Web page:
The West Bengal unit of BJP has alleged that Mamata Banerjee's decision to contest from Nandigram in East Midnapore district is a result of her concerns about getting the votes of the Hindus.
On Wednesday, BJP Bengal unit chief Dilip Ghosh wrote on social media that Mamata chose to contest from Nandigram, the land of a famous land struggle during 2007-08 that helped her ascent to power, fearing a loss at her own constituency, Bhawanipur, in south Kolkata.
Ghosh said that going by the trends of the 2019 Lok Sabha elections, the BJP was trailing by a little more than 3,000 votes in Mamata's constituency, and she feared a defeat this time.
Ghosh's post also mentioned the demographic composition of Kolkata's voters, citing that Hindus made nearly four-fifths of Kolkata's total voters. While he did not give any figure for Bhawanipur's demographic composition, the constituency is known as Hindu-dominated and one where non-Bengali speaking (Hindi, Gujarati, Punjabi and Marwari) population makes a major chunk of the electorate.
Ghosh's remarks came a day after Suvendu Adhikari, the Trinamool Congress heavyweight who represented Nandigram until resigning recently before joining the BJP, alleged that the TMC supremo was contesting from Nandigram depending on only 62,000 voters.
He didn't utter the term Muslim but Muslims make roughly 62,000 of Nandigram's electorate of 2.13 lakh voters.
He also vowed to defeat Mamata by over 50,000 votes, failing which he would quit politics and dared Mamata to contest from Nandigram only.
Mamata earlier said she would be contesting from Nandigram, in addition to her own constituency.
In 2016, Adhikari defeated his nearest rival of the CPI(M) by 81,230 votes, bagging 67 per cent of the total 2 lakh votes polled.
TMC's East Midnapore district leadership has found new enthusiasm following Mamata’s decision because Suvendu Adhikari, his father Sisir and younger brother Dibyendu controlled politics in the district. After Suvendu's switch-over, Sisir and Dibyendu, both Lok Sabha MPs, have gone inactive.
Mamata’s decision to contest from Nandigram is being seen by many political analysts as a masterstroke, which could help the party recover grounds not only in East Midapore but also the neighbouring districts of West Midnapore, Jhargram, Bankura and Purulia. While East Midnapore remained a bastion of the TMC, the party's grip has loosened on the four other districts in southwestern Bengal.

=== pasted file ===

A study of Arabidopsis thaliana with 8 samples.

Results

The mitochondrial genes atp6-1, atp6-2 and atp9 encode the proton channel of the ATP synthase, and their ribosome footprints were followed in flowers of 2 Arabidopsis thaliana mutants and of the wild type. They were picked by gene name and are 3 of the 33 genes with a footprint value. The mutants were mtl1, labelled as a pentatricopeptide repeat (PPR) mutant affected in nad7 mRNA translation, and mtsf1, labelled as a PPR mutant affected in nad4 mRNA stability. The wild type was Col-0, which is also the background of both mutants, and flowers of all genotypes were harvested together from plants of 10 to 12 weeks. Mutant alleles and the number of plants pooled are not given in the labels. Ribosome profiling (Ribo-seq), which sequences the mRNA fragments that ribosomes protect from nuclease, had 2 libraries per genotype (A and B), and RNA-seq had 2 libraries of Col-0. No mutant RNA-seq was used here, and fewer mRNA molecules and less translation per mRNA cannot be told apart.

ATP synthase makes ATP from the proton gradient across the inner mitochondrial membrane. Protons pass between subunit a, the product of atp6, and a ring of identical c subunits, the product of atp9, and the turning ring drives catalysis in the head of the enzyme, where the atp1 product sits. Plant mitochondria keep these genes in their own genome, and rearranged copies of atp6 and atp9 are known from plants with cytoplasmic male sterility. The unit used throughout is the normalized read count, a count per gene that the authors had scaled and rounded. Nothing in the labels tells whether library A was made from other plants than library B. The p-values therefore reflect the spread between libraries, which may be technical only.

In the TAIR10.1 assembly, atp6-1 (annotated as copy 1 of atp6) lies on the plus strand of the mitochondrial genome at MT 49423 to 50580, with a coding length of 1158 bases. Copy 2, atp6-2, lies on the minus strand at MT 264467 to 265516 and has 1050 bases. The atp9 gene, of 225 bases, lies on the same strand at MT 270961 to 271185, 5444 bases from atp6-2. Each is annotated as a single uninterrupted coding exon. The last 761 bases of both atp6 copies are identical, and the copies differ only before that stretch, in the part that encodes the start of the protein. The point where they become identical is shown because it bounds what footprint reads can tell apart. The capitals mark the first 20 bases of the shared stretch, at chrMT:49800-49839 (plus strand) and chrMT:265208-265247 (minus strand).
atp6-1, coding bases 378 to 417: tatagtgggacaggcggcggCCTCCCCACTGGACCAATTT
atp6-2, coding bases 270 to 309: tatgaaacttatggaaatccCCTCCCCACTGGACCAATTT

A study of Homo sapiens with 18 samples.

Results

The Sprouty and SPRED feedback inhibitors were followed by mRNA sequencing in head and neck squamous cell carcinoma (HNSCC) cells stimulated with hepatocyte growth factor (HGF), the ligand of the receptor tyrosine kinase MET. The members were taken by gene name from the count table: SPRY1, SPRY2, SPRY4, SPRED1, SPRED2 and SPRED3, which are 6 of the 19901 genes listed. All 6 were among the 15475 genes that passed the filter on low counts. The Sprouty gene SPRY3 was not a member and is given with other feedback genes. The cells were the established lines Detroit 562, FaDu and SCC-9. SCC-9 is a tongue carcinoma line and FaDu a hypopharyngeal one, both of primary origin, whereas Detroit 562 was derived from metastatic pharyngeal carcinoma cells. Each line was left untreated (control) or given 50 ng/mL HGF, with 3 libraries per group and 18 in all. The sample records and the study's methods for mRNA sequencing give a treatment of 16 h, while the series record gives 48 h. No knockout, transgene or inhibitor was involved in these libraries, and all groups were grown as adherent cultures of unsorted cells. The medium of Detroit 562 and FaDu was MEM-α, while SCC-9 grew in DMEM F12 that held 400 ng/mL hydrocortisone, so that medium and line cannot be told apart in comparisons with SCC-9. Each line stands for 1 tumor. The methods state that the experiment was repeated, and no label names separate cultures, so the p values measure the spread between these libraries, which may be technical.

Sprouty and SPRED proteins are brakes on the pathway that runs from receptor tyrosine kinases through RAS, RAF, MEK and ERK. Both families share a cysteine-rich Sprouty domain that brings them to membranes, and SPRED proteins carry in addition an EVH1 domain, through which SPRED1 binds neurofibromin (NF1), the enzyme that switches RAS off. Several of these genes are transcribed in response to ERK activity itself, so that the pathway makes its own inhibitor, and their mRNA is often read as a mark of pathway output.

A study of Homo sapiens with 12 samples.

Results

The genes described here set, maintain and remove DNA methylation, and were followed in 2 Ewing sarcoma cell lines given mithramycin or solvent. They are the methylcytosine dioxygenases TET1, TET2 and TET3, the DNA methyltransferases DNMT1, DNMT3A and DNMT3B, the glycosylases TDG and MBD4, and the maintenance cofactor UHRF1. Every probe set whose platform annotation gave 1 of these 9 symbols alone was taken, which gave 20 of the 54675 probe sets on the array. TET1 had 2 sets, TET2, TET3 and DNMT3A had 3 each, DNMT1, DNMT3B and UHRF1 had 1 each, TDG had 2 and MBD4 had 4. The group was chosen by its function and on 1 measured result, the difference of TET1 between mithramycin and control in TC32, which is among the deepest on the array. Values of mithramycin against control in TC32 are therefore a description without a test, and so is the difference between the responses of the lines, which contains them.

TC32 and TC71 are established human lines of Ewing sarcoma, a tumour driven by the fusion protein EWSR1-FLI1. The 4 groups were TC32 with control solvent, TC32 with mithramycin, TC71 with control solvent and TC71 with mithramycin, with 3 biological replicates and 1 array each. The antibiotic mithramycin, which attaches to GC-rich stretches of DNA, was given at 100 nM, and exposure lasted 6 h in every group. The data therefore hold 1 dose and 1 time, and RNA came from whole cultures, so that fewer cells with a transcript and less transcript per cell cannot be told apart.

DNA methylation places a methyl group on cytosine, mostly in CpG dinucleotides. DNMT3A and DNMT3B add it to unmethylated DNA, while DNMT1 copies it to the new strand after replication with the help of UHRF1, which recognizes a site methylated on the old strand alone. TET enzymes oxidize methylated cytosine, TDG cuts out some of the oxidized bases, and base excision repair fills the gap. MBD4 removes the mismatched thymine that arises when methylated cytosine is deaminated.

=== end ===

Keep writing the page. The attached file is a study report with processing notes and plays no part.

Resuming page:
According to Biswanath Chakraborty, a professor of political science at Rabindra Bharati University in Kolkata, this decision has increased Suvendu Adhikari's importance in the BJP as Mamata decided to take him head-on, while the TMC's organisation in East Midnapore may get much-required oxygen due to the political vacuum created by the exit of the Adhikari's.
"Even common voters may get more enthusiastic in voting for the TMC due to Mamata's direct presence. If she wins, Suvendu's political career will come under a cloud. But if he wins, Suvendu will emerge as one of the most powerful BJP leaders," Chakraborty said.
The BJP is yet to announce its candidate list but it is expected that the party would nominate Adhikari from Nandigram.
TMC Rajya Sabha MP and national spokesperson Sukhendu Sekhar Roy strongly criticised the BJP's campaign.
"In 1980, Indira Gandhi contested from Rae Berili in Uttar Pradesh and Medak in Andhra Pradesh. In 1999, Sonia Gandhi contested from Rae Berili and Bellary in Karnataka. In 2014, Narendra Modi contested from Vadodara in Gujarat and Varanasi in Uttar Pradesh. Did Modi fear any communal equation in Vadodara to try his luck from Varanasi?" Roy asked.
He added that Bengal's former chief minister Ajay Mukherjee too had contested from two seats in 1967 and 1971. "The BJP should answer if he too will contest from two seats for communal equations. The fact is that the old BJP and the neo-BJP have no idea of Bengal and India's history and geography. They are misinformed and they want to spread all sorts of misinformation."